Colorado Rockies, Aaron Cook Look Miserable Against Dodgers

David MartinAnalyst IApril 19, 2009

PHOENIX - APRIL 06:  Starting pitcher Aaron Cook #28 of the Colorado Rockies pitches agianst the Arizona Diamondbacks during the MLB openning day game at Chase Field on April 6, 2009 in Phoenix, Arizona. The Diamondbacks defeated the Rockies 9-8. (Photo by Christian Petersen/Getty Images)

The Colorado Rockies suffered a heartbreaking loss Friday night after the bullpen blew an absolute gem pitched by Jorge De La Rosa.

Saturday the Rockies, playing their one and only nationally televised game of the season, struggled all day against the Dodgers. The final score had the Dodgers on top 9-5.

Aaron Cook gave up three home runs. Two of them were to Manny Ramirez and the other, the big blow, was a three-run blast by Andre Either. Cook exited the game after the fourth inning, giving up five earned runs on eight hits and two walks.

The Rockies tried to crawl back into it, but as soon as the lead was cut to two runs, Alan Embree gave up three runs, two earned and failed to get an out. It was Embree's second horrible outing in as many days.

The Rockies batters are clearly in a funk, with no regular in the lineup hitting above .267, where Brad Hawpe checks in. Even Troy Tulowitzki, who started out hot, is hitting just .235. Chris Iannetta still has only one hit on the season.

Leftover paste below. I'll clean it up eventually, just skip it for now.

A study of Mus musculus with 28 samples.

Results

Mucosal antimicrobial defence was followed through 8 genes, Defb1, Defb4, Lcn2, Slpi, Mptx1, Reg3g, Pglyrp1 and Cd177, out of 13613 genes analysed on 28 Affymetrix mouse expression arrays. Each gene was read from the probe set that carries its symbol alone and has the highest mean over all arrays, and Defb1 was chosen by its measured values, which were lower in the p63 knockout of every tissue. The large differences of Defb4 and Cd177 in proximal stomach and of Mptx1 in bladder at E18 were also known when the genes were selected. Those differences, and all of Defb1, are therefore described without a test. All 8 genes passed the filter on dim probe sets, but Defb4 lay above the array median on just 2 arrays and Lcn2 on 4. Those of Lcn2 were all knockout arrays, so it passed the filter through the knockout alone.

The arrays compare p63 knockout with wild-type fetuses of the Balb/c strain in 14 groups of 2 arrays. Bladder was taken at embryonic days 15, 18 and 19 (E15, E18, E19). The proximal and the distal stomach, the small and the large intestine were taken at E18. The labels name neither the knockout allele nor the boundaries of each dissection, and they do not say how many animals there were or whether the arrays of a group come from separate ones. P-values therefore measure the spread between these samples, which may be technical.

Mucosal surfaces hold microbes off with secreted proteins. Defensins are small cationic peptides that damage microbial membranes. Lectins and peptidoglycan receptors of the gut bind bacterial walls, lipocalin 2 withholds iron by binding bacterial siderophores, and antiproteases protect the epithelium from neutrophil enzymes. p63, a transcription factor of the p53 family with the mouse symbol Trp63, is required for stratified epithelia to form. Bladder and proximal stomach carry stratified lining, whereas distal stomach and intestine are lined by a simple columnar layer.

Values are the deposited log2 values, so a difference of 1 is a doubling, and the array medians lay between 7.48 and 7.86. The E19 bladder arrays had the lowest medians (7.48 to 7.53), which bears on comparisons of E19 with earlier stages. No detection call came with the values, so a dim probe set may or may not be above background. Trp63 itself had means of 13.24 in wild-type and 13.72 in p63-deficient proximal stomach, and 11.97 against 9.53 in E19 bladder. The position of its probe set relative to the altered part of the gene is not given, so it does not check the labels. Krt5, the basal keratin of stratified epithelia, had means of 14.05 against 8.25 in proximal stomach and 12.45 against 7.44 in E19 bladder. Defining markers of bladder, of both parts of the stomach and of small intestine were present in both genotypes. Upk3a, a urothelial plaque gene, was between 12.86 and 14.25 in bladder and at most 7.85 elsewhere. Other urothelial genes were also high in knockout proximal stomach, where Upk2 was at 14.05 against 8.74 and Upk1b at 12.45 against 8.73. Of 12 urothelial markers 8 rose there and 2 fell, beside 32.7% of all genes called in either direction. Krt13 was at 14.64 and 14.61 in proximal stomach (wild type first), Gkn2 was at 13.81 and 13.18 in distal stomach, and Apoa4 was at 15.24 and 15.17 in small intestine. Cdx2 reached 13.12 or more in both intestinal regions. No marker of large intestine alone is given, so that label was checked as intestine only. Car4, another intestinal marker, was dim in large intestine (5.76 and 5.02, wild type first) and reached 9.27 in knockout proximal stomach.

Although the bats are cold, it is not a question of if, but rather when in speaking about the Rockies bats getting hot and the offense putting a bunch of runs on the board.

The problem for the Rockies lies in their pitching.

Aaron Cook, an All-Star last season who won 16 games, is struggling mightily. He could not make it out of the fourth inning on Opening Day in Arizona, then pitched fair in his second outing, but came into today looking horrible from the get go.

Cook has given up five home runs already this season. Last year he gave up 20 over the course of the whole year. Today, he only got three outs via the ground ball, two of them on a 6-4-3 double play. One out was on a sacrifice bunt and the other 11 were all from the fly ball.

Cook is a sinker ball pitcher. He lives and dies by getting ground balls. When his pitches get elevated, he gets into trouble. That was the problem today.

Several reports over the course of spring training quoted Cook as saying that he was working on mixing in a breaking ball to become a more dynamic pitcher.

It may seem like a good thing to hear about a pitcher who just won 16 games and made an appearance in the All-Star game making strides to get better. That is not the case in this situation however.

Cook's new curve ball is being thrown in the place of his change up. He is not locating it where it needs to be, and he is struggling to find the location on his other pitches after he throws the hook.

This season's fate comes down to how well the Rockies pitchers do. There are already several question marks in the starting rotation and the bullpen. Cook is thought of as possibly the most dependable pitcher that the Rockies have this season. He is a rock for the Rockies.

It is always a good thing to be improving. The Rockies would be disappointed in Cook if he wasn't working on his pitches. But in this case, Cook is who he is. He needs to stop pretending that he can add another pitch to his repertoire.

Throwing a sinker and a change-up helped him baffle hitters last year and win 16 games. There is no reason to try and fix something that isn't broken.

It is early enough for the Rockies to turn the ship in the right direction. However, Cook returning to his 2007 form is imperative for the club to have any amount of success.